For years now, the effectiveness of leadership development programs has been called in to question. In the US alone, over $10bn a year is spent on leadership development and roughly two thirds of executives rank leadership development as one of their key priorities. Despite the amount of money spent on leadership development and the importance attached to it, only 7% felt that leadership development was effective. In fact, according to the centre for creative leadership 38% of CEOs fail in their first 18 month.
Stop promoting the wrong people
A key reason for this failure, is that companies are promoting people into management roles, without them demonstrating any leadership capabilities. Gallup research has proven that 9 out of 10 first time managers do not have any leadership skills. Companies all around the world are guilty of promoting someone based on their ability to do their current job, not the next job. Do you know what the top salesperson in a company is good at? Making sales. Do you know what the best software developer is good at? Developing software. Despite this glaringly obvious fact, companies who rightfully want to reward these individuals, decide they will let these people manage others as a reward, despite having no skills to do so.
Identify your leaders early
What these companies and their HR departments should be doing, is identifying which employees have leadership skills early on in their tenure with the company. A company’s next generation of leaders are likely to be those who are average performers in their current roles. Because if you have a natural pre-disposition to leadership, you do not always make an outstanding performer in a more junior role. Ironically, the junior or mid-level employees who are seen as being difficult, are those who would make the best leaders. Instead of just doing the work, they are questioning why the work must be done this way. They are challenging the status quo and established thinking and creating new ways of doing things, or at least trying to do so. This is what you want from your leadership group.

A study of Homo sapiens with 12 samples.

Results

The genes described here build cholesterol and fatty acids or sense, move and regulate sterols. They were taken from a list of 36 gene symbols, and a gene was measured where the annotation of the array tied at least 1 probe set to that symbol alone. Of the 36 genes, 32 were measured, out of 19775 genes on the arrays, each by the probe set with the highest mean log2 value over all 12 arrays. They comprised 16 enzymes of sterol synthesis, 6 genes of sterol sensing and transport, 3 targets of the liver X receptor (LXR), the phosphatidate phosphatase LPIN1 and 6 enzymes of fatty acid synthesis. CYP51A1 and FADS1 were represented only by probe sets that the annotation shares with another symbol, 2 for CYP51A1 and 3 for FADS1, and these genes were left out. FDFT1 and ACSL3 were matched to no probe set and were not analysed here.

A company does not need to have a robust team of experts internally able to assess which employees have leadership characteristics either, any of the major psychometric tools will be able to show you which employees have a greater proportion of leadership traits. A company could have every employee who joins the company take one of these tests and know who their next group of potential leaders should be.
Leadership should be a separate career path
A leader does not have to be an expert in doing, but they must be an expert in leading. Let us use sports as an example. The best sports coaches in the world, were very rarely top sportsman in their respective fields themselves. There are a few who were decent, but very few were truly world class superstars. Businesses should follow this approach and treat leadership as a separate career path and skill set. A good manager or leader will be able to improve the performance of any team whether or not they are an expert in the area themselves. So, there should be a pool of resource within the company that are grouped together, not by their business unit or individual team, but as leaders and potential leaders.
Plan for the long term
Finally, there needs to be a long-term focus on this group of leadership talent. This should consist of a sustained focus on leadership development to cultivate the strong base of leadership traits this group already has and tweak them to embody the desired values of the organisation and the culture it is trying to cultivate. Far too many firms waste significant resources on individuals that at best, may become average leaders after several years of development. A focus on those who will deliver the best ROI for the organisation should be key. This should be combined with succession planning. When an existing leader leaves or gets promoted, the replacement should automatically come from this internal group. Taking this approach, should naturally lead to a much stronger leadership group within a 3-5-year window.